Sarah Lavin powers to fifth place finish in world final

Sarah Lavin capped a superb a World Indoor Championships performance with a fifth-placed finish in the final of the 60m hurdles.

The Emerald AC athlete clocked a time of 7.91 – just a hundredth of the a second outside the personal best she managed in the morning’s heat and this evening’s semi-final – lunging to finish fifth in a world-class field.

The quality of the field was underlined by the world record time run from winner Devynne Charlton, the Bahamas sprinter crossing the line in 7.65.

France’s Cyrena Samba-Mayela took silver in 7.74, while Poland’s Pia Skrzyszowska finished third.

For the 29-year old Lavin, it was a second successive appearance in the world indoor final and a significant improvement on her performance in Belgrade.

The Limerick sprinter finished seventh in the final in March 2022, posting a time of 8.07. Her 7.91 time this evening would have earned her a fourth-placed finish two years ago.

“To finish 5th in the world is amazing and to do it in final where the world record was broken too,” Lavin remarked after the race.

“7.79 won bronze today, and that’s never be required before to win a medal so it just shows where the standard is going.

“We’ve a Europeans in June which I want to be really competitive at, but the Olympics is everything, it’s the biggest stage in the world. Paris will be sensational so I’m really looking forward to what’s to come.”

Looking forward to her outdoor season, Lavin said “We’ve a Europeans in June which I want to be really competitive at, but the Olympics is everything, it’s the biggest stage in the world. Paris will be sensational so I’m really looking forward to what’s to come”.

Earlier, the Ireland women’s relay team likewise finished fifth in the final of the 4x400m at the World Indoor Championships in Glasgow.

The Ireland relay team, from left, Phil Healy, Sharlene Mawdsley, Roisin Harrison and Sophie Becker after their fifth placed finish

The team of Phil Healy, Sophie Becker, Róisín Harrison and Sharlene Mawdsley clocked a time of 3:28.92, just outside their new national record set in this morning’s semi-final.

Netherlands took the gold, with world champion Femke Bol running the anchor leg, holding off USA down the final stretch. Great Britain took bronze.

The Irish quartet placed fifth, just behind the Belgians, with the much vaunted Jamaicans failing to finish after dropping the baton at the end of the second leg.

Mawdsley, who was controversially disqualified from the 400m having apparently sealed her place in the final, again impressed, running the fastest final leg with a time of 50.47.

This was marginally faster than her split in the morning’s semi-final, when she was the fastest of the 16 runners.

Mawdsley commented afterwards: “I never felt pain like that before, I left everything on the track out there. We have a great group of girls involved in the relay squad now and Irish athletics in general is in such a great place, so I think a lot of other teams are going to be watching out for Ireland at future championships.”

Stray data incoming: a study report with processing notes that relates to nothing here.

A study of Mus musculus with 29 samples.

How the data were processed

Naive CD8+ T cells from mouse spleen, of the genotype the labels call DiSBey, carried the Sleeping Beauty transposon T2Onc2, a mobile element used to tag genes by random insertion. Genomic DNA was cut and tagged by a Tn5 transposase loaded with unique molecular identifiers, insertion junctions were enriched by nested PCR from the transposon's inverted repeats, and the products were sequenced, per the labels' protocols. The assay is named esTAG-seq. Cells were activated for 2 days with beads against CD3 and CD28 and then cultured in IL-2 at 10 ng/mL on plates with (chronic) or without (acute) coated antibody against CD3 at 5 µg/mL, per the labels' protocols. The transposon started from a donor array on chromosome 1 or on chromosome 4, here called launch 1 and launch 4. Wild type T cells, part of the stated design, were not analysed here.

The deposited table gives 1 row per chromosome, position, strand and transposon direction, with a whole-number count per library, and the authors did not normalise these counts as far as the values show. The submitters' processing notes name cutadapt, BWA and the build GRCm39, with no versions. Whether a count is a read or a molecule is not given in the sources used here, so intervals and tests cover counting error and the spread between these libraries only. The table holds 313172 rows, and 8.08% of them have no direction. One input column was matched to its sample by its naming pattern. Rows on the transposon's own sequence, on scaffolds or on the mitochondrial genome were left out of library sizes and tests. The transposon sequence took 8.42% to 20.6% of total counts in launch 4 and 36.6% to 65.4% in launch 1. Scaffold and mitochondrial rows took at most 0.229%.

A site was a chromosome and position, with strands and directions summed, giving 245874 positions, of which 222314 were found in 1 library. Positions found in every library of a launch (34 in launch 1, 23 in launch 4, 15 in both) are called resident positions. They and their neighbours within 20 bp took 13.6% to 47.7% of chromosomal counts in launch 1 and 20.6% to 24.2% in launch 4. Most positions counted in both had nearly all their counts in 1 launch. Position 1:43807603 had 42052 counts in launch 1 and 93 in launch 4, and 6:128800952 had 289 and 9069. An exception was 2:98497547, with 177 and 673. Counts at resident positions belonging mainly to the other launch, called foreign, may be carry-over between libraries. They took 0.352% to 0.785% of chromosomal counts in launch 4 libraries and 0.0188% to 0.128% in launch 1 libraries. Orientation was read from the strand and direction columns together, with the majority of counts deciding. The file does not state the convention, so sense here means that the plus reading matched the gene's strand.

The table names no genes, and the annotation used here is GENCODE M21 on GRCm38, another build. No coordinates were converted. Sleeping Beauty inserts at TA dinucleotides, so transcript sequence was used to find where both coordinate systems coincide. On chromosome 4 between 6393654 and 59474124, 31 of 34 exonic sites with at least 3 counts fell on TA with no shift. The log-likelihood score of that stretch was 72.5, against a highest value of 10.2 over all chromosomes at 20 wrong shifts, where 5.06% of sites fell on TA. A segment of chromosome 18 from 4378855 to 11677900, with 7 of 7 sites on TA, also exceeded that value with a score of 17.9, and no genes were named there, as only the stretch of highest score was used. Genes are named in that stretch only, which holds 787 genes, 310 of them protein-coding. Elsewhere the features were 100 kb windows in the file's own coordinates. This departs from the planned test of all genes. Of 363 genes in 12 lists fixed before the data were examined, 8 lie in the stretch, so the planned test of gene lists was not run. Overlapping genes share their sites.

Healy, who led the team out on a strong opening leg, said: “It’s a testament to the squad we have. We’ve great subs back in warm up and the team is constantly changing which drives everyone on.

“It’s a big year for us, we have World Relays in a few weeks, a European Championships, and an Olympic Games (subject to qualification), so to come 5th in the world, and to be so close to the national record again is really super for this team.”

Phil Healy, Sophie Becker and Sharlene Mawdsley celebrate advancing to the final

The Irish team had earlier qualified for the final after posting a new national record of 3:28.45 to progress as one the fastest qualifiers – facing a nervous wait before confirmation arrived.

For Mawdsley, that run provided some atonement for Friday’s controversial events.

“I had my redemption today – I’m walking away today as a world finalist finally,” she told RTÉ Sport’s Greg Allen.

“I’m really happy with that, I couldn’t ask for much better from the girls, they put me into a great position.

“When there’s not such a big gap you think you’re unstoppable and that’s what I thought I was today.”

“I had my cry, a few cries,” she added of the 24 hours after her DQ.

“Yesterday I had relay training with the girls and I got up and I went and they just made me forget about it. They were all as hungry as I was and as disappointed for me as I was.

“I literally had the backing of the whole country. Coming out today I was like ‘just take in it’. That was my redemption, I fought every bit I could and, yeah, we got into a world final.”

Mawdsley’s teammate Healy said the controversial disqualification earlier in the week had provided motivation for the entire team.

“We had so much, I suppose, that we wanted to do, especially after Sharlene the last day – we had a lot to give back to Sharlene, we wanted Sharlene to leave as a world finalist just as much as well all wanted to make that world final as well.

“We all had our part to play and we all collectively did that and we have a world final tonight and everything is to play for.”